Alexandra Gallagher answers FADs Questions

1. If you weren’t an artist, what else would you be?
I really don’t know. I’ve always wanted to be an artist, to just create. I’m quite hard to live with when I don’t do something creative, it’s part of who I am. I know that sounds like a cliché. I think I would be one of those mum’s that makes everything they see on Pinterest… I have to confess I’m addicted to Pinterest.

2. Can you tell us more about your work and what are the main ideas you would like to express?
At the moment a lot of my work is based on growing up. Childhood is when the world is full of magic and endless possibilities. I try to reflect the loneliness of childhood and the fear – as well as the adventure and amazement of everything.

3. How do you start the process of making work?
Coffee! Lots of coffee! I try to treat the day as if I was going out to work a nine to five job but in my PJ’s. I start as soon as my daughters have gone to school I normally get an idea when I’m falling asleep – that place that falls between the land of dreams and reality. Once I have an idea for a piece I start by taking photographs and jotting ideas down on random bits of paper. I use photography a lot in my work. I also use Photoshop to sketch out ideas before I use a more traditional medium like paint. I am quite bad for just jumping into a painting though and the digital work I do is never planned. It grows organically. I can never predict the direction the final composition will take. Sometimes I am surprised by what I produce.

4. Do you consider the viewer, when making your work?
Yes and no. If I am creating a piece for a client, then yes. When I am producing my own work, then not so much. It’s personal to me and art is very subjective; not everyone is going to like what I do aesthetically or what I have to say. As an artist you have to be very comfortable with understanding that there will be people that really don’t like what you do.

5. Name 3 artists that have inspired your work.
There are a number whose work I love at the moment: I am always looking at art on the internet and in galleries. There is so much talent and amazing creativity out there. It influences me and intimidates me all at the same time. I would have to say I’m really into the beautiful work of Monica Cook right now and I just love Benjamin Cohen’s work. Jenny Saville was a huge influence with my portrait work, the way she works skin tones is amazing.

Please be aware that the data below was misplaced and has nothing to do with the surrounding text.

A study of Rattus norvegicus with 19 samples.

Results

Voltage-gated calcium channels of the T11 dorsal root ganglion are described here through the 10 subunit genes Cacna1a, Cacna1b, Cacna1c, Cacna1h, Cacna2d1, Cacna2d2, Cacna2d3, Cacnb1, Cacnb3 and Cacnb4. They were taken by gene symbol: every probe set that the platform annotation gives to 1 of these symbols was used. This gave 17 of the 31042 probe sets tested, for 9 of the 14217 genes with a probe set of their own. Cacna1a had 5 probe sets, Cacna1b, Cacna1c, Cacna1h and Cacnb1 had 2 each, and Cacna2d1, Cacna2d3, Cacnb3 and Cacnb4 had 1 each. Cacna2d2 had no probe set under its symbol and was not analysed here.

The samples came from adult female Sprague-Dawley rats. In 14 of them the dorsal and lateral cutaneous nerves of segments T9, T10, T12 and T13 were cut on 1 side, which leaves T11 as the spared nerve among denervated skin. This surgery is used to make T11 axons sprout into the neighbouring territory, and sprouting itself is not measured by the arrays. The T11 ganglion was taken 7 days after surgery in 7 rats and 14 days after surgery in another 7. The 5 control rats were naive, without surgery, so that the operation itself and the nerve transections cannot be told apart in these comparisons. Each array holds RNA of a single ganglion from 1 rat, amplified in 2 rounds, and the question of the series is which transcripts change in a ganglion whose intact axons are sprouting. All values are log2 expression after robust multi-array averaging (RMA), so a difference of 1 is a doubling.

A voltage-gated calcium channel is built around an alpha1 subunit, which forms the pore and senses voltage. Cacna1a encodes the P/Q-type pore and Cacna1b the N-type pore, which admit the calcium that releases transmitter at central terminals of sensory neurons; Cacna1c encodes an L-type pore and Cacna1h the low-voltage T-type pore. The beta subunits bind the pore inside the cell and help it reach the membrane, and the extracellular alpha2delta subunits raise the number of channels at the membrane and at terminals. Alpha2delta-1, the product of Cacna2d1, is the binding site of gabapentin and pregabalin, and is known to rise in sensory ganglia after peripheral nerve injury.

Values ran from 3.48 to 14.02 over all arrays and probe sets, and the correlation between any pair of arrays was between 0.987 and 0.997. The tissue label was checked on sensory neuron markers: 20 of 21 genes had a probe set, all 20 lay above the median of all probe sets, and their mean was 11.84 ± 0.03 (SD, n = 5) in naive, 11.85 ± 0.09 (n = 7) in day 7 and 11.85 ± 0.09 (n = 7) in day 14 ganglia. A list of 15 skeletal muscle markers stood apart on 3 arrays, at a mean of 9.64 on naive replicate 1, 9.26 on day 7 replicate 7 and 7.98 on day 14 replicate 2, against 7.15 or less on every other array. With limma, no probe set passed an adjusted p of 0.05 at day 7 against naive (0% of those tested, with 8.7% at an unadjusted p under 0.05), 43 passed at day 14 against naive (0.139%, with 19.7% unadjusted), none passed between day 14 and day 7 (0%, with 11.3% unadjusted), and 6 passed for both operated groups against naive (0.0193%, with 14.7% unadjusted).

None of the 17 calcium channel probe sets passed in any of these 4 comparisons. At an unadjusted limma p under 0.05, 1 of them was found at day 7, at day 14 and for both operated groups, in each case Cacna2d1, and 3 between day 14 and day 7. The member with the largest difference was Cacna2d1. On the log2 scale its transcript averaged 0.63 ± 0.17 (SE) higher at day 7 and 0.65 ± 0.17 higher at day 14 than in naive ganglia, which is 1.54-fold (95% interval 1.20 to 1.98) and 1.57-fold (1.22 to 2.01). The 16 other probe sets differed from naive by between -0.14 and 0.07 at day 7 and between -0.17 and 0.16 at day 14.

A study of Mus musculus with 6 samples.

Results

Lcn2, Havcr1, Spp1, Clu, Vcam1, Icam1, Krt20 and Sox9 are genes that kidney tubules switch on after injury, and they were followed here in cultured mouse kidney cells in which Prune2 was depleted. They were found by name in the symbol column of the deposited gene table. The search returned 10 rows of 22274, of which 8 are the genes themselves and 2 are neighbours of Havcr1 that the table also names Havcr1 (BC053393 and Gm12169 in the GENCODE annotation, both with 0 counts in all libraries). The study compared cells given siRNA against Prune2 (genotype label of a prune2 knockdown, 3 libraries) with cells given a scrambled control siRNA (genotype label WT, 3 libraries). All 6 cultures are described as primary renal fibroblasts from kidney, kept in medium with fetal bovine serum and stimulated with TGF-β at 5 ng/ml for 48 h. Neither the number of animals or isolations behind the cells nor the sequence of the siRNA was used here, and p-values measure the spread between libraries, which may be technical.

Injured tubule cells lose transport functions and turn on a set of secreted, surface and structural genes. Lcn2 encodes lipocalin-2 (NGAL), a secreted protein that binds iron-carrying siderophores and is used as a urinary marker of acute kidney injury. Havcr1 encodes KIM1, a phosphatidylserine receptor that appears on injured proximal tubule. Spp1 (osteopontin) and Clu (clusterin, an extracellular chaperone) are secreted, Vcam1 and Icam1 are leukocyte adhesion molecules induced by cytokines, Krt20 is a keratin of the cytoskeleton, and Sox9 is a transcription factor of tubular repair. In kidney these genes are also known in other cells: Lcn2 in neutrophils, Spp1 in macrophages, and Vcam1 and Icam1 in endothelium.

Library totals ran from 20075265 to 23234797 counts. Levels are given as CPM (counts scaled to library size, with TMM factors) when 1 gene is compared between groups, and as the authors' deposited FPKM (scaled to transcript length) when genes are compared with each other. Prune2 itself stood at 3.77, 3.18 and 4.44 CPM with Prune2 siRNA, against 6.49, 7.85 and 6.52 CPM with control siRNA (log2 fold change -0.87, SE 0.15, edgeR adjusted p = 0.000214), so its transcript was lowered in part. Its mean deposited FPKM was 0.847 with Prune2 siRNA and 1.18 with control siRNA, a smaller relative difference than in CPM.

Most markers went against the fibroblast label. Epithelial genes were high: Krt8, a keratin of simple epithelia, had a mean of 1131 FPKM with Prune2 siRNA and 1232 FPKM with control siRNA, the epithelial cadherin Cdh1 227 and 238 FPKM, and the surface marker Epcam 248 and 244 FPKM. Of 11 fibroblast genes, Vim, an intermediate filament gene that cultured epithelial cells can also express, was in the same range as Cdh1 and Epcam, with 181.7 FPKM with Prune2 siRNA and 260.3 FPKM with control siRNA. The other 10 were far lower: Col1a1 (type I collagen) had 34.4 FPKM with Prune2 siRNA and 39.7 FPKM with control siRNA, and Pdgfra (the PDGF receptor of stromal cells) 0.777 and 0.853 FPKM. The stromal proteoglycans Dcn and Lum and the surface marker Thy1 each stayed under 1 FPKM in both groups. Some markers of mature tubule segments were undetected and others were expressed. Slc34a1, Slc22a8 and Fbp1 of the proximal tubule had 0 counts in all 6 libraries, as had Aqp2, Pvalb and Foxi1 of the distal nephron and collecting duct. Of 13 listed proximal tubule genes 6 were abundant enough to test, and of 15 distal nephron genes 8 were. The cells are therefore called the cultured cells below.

6. What defines something as a work of art?
That’s a tricky one. I would say whenever someone has been creative. I think we’re told too often what should be classed as art, what is fashionable, what is right.

7. Anytime, any place – which artist’s body would you most like to inhabit?
Leonardo Da Vinci. I would love to see what it was like to be him, how he thought really intrigues me.

8. What was the most intelligent thing that someone said or wrote about your work? I get lots of different reactions to my work depending on what it is. This was one of the best ‘reactions’ I have had to my work. It was left in the comments after I had done an interview for Saatchi Online:

“Art for Dummies: Little girl lost in a corner, with little giraffe and scorpion, and nice owl for company, oooh, it’s so creepy and surreal, gives me the shivers, and the technique is like a photograph, so it must be real? But the strange thing is, why are so many people painting little lost Alice in Wonderland’s? Answer: Maybe it’s because these people are little children who still wet the bed at nights because they have nightmares of crawly bugs climbing under their nighties and biting them. . . . Surrealism set out to shock by using everyday objects, juxtaposed in a way so as to reveal the strange and disturbing subconscious. Artists today appear to juxtapose everyday cliches, which do not provoke, nor shock the senses, but leave a dry yawn. Too many artists. NOT ENOUGH ART.”

Luke McKeown

9. Which artists would you most like to rip off, sorry, I mean appropriate as a critique of originality and authorship? Hmm… I think it would have to be Jenny Saville mixed with a dose of surrealism.

10. Do you care what your art costs? State your reasons!
I try not to, but it’s hard. I feel art should be accessible to everyone and I try to make my work affordable no matter how long it’s taken me to produce. You should create art because you need to, not to make money. It’s an honour when someone loves your work enough to buy it. I find it hard though because I also believe that an artist should be paid for the time they have spent creating something. Its hard work, it’s not just making a pretty picture.

11. What’s next for you?
At the moment I’m working on a few commissions and working towards my degree in painting. I’m also itching to get on with more of my own personal stuff. I have another set of paintings in my head that I’m really excited to start.

About Mark Westall

Mark Westall is the founder and editor of FAD magazine, a curation of the world’s most interesting culture, and Creative Director of FAD Agency, a strategy & creative agency working with brands to solve business problems using cultural tools. In 2008 following his passion for art he founded what has grown to become FAD magazine. FAD magazine is internationally recognized as a key figure within the emerging and contemporary art world, and has been selected as official partner by organizations as diverse as Moniker Art Fair, START, Volta and Christie’s. In addition Mark is a columnist for City Magazine.